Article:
WASHINGTON (dpa-AFX) - Stocks showed a notable move to the downside in early trading on Monday, giving back ground after turning in a strong performance last Friday. The major averages subsequently climbed well off their worst levels but still ended the day in negative territory.
The Nasdaq slid 119.54 points or 0.8 percent to 14,185.49 and the S&P 500 fell 24.85 points or 0.5 percent to 4,569.78, while the narrower Dow edged down 41.06 points or 0.1 percent to 36,204.44 after falling more than 200 points early in the session.
The early pullback on Wall Street partly reflected profit taking, with some traders looking to cash in on the recent strength in the markets.
The Dow and the S&P 500 ended last Friday's trading at their best closing levels since early 2022, while the Nasdaq reached a four-month closing high.
Stocks have recently benefited from optimism about the outlook for interest rates, as the Federal Reserve is widely expected to leave rates unchanged until cutting rates as early as March 2024.
A rebound by treasury yields may also have contributed to the weakness on Wall Street, as the yield on the benchmark ten-year note bounced off its lowest levels in three months.
Selling pressure waned over the course of the session, however, as traders looked ahead to the release of the Labor Department's closely watched monthly jobs report on Friday.
Economists currently expect employment to increase by 180,000 jobs in November after rising by 150,000 jobs in October, while the unemployment rate is expected to hold at 3.9 percent.
'Another weaker report, especially one paired with 0.2% monthly wage growth, could further fuel the belief that not only is the tightening cycle over but rate cuts may not be far away,' said Craig Erlam, Senior Market Analyst, UK & EMEA, OANDA.
Reports on service sector activity, private sector jobs, weekly jobless claims and consumer sentiment may also attract attention in the coming days.
The Commerce Department released a report this morning showing factory orders pulled back by much more than expected in the month of October.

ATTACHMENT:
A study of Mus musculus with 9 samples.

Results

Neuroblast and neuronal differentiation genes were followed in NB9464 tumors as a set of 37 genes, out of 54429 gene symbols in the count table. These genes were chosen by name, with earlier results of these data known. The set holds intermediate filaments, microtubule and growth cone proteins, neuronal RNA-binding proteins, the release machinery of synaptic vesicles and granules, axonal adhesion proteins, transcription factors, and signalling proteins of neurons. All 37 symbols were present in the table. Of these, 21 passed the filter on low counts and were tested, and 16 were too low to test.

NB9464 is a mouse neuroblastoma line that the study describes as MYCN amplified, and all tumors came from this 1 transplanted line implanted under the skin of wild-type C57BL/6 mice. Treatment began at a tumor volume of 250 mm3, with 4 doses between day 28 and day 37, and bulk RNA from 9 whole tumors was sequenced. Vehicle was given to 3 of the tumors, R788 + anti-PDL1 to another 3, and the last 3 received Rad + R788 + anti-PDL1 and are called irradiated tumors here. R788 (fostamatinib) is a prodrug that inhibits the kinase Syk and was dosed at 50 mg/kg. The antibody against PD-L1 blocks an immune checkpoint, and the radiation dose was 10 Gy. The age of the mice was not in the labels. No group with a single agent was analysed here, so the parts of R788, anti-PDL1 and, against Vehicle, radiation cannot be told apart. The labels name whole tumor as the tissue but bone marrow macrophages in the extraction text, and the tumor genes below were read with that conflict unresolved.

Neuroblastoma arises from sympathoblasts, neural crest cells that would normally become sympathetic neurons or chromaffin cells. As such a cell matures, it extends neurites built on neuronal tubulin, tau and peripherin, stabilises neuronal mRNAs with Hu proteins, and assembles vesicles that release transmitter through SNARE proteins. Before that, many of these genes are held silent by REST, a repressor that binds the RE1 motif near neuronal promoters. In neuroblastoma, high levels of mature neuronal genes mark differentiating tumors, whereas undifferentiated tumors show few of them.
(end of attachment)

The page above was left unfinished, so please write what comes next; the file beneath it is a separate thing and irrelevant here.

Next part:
The report said factory orders plunged by 3.6 percent in October after jumping by a downwardly revised 2.3 percent in September.
Economists had expected factory orders to tumble by 2.6 percent compared to the 2.8 percent surge originally reported for the previous month.
Gold stocks showed a substantial move to the downside on the day, with the NYSE Arca Gold Bugs Index plunging by 2.5 percent after ending last Friday's trading at a four-month closing high.
The sell-off by gold stocks came as the price of gold for February delivery plunged $47.50 to $2,042.20 an ounce after reaching a high above $2,100 an ounce earlier in the day.
Software, computer hardware and semiconductor stocks also saw considerable weakness, contributing to the pullback by the tech-heavy Nasdaq.
Meanwhile, significant strength was visible among airline stocks, as reflected by the 10.8 percent spike by the NYSE Arca Airline Index. The index reached its best closing level in almost four months.
Shares of Hawaiian Holdings (HA) skyrocketed after the parent of Hawaiian Airlines agreed to be acquired by Alaska Air Group (ALK) for $18.00 per share in cash.
In overseas trading, stock markets across the Asia-Pacific region turned in a mixed performance during trading on Monday. Japan's Nikkei 225 Index fell by 0.6 percent, while South Korea's Kospi climbed by 0.4 percent.
The major European markets also ended the day narrowly mixed. While the German DAX Index crept up by less than 0.1 percent, the French CAC 40 Index and the U.K.'s FTSE 100 Index both edged down by 0.2 percent.
In the bond market, treasuries gave back ground after moving sharply higher in the previous session. Subsequently, the yield on the benchmark ten-year note, which moves opposite of its price, climbed 6.2 basis points to 4.288 percent.
A report on service sector activity may attract attention on Tuesday, with the pace of growth in the sector expected to show a slight acceleration in the month of November.